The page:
Wednesday, July 8 - 9:00 PM
$55.00 - $85.00 ($52.00 - $82.00 Concert Member)
The Jazz at Lincoln Center Orchestra (JLCO), comprising 15 of the finest jazz soloists and ensemble players today, has been the Jazz at Lincoln Center resident orchestra since 1988. Featured in all aspects of Jazz at Lincoln Center’s programming, this remarkably versatile orchestra performs and leads educational events in New York, across the U.S. and around the globe, in concert halls, dance venues, jazz clubs, public parks, and with symphony orchestras, ballet troupes, local students and an ever-expanding roster of guest artists. The JLCO has been described as “not just a band on tour, but a religious congregation, spreading the word of jazz.” (Downbeat)
Under Managing and Artistic Director Wynton Marsalis, the Jazz at Lincoln Center Orchestra spends over a third of the year on tour. The big band performs a vast repertoire, from rare historic compositions to Jazz at Lincoln Center-commissioned works, including compositions and arrangements by Duke Ellington, Count Basie, Fletcher Henderson, Thelonious Monk, Mary Lou Williams, Billy Strayhorn, Dizzy Gillespie, Benny Goodman, Charles Mingus, Chick Corea, Oliver Nelson, and many others. Guest conductions have included Benny Carter, John Lewis, Jimmy Heath, Chico O’Farrill, Ray Santos, Paquito D’Rivera, Jon Faddis, Robert Sadin, David Berger, Gerald Wilson, and Loren Schoenberg.
In 1987, Wynton Marsalis co-founded and became Artistic Director for Jazz at Lincoln Center and Music Director for the Jazz at Lincoln Center Orchestra. In July 1996, due to its significant success, Jazz at Lincoln Center was installed as a new constituent of Lincoln Center, equal in stature with the New York Philharmonic, Metropolitan Opera, and New York City Ballet – a historic moment for jazz as an art form and for Lincoln Center as a cultural institution. In October 2004, with the assistance of a dedicated Board and staff, Marsalis opened Frederick P. Rose Hall, the world’s first institution for jazz. Under Wynton’s leadership, Jazz at Lincoln Center has developed an international agenda presenting rich and diverse programming that includes concerts, debates, film forums, dances, television and radio broadcasts, and educational activities.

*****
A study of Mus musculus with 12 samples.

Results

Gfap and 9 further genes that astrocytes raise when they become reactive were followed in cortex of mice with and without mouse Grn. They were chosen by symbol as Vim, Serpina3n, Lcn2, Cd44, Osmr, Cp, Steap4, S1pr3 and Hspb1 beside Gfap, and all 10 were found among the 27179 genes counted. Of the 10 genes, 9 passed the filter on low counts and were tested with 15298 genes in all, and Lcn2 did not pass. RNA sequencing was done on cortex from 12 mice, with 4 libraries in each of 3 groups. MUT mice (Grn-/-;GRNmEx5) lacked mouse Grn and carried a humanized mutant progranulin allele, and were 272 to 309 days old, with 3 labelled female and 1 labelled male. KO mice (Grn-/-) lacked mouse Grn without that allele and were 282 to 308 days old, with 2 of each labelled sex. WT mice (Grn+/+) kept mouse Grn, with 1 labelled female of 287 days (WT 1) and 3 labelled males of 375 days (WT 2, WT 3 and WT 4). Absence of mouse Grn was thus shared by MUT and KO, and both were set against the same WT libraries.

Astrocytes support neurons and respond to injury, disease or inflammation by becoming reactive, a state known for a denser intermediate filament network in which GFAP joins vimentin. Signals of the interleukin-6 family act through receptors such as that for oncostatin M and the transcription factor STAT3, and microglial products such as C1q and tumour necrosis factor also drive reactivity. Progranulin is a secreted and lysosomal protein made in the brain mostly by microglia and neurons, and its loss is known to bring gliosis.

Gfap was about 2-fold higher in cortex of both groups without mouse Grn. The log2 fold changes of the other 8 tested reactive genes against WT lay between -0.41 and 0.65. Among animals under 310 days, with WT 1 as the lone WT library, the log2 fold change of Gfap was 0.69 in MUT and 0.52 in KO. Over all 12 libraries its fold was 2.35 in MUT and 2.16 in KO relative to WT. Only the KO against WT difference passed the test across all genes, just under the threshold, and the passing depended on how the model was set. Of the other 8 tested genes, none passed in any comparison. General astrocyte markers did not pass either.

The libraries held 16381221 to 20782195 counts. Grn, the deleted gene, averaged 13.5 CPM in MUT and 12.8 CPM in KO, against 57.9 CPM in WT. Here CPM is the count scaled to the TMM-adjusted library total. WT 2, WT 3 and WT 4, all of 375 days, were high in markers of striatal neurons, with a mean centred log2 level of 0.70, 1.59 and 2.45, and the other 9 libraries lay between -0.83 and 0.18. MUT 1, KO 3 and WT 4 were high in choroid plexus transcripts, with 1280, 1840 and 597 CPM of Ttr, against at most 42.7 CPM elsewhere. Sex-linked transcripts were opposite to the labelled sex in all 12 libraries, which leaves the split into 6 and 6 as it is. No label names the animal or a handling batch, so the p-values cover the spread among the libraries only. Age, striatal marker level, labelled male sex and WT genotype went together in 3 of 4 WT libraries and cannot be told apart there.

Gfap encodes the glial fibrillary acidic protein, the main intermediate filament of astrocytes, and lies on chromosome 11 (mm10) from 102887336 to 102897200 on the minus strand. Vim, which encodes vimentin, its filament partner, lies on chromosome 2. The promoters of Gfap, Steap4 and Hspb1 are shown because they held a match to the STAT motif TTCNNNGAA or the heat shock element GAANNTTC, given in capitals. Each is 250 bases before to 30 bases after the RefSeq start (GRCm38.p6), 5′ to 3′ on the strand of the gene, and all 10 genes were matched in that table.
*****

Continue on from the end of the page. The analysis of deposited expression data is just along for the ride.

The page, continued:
Marsalis, an internationally acclaimed musician, composer, bandleader, educator and leading advocate of American culture, was born in New Orleans, Louisiana. At age 14 he performed with the New Orleans Philharmonic, New Orleans Symphony Brass Quintet, New Orleans Community Concert Band, New Orleans Youth Orchestra, New Orleans Symphony and various other jazz bands. At 17, Marsalis became the youngest musician ever to be admitted to Tanglewood’s Berkshire Music Center. He was awarded the school’s prestigious Harvey Shapiro Award for Outstanding Brass Student, despite his age. He moved to New York City to attend Juilliard in 1979 and in 1980, seized the opportunity to join the Jazz Messengers and study under master drummer and bandleader Art Blakey.
Marsalis made his recording debut in 1982 and has since recorded more than 70 jazz and classical albums which have garnered him nine Grammy Awards. In 1983, he became the only artist ever to win Grammy Awards for both jazz and classical records. He repeated the distinction by winning both awards again in 1984. Today, Marsalis is the only artist ever to win Grammy Awards in five consecutive years (1983 – 1987). In 1997, he became the first jazz musician ever to win the Pulitzer Price for Music for his epic oratorio “Blood on the Fields.”
Marsalis has also devoted his life to giving back and uplifting populations worldwide with the egalitarian spirit of jazz. Immediately following Hurricane Katrina, Marsalis organized the Higher Ground Hurricane Relief Concert and raised over $3 million for musicians and cultural organizations impacted by the hurricane. At the same time, he assumed a leadership role on the Bring Back New Orleans Cultural Commission where he was instrumental in shaping a master plan that would revitalize the city’s cultural base.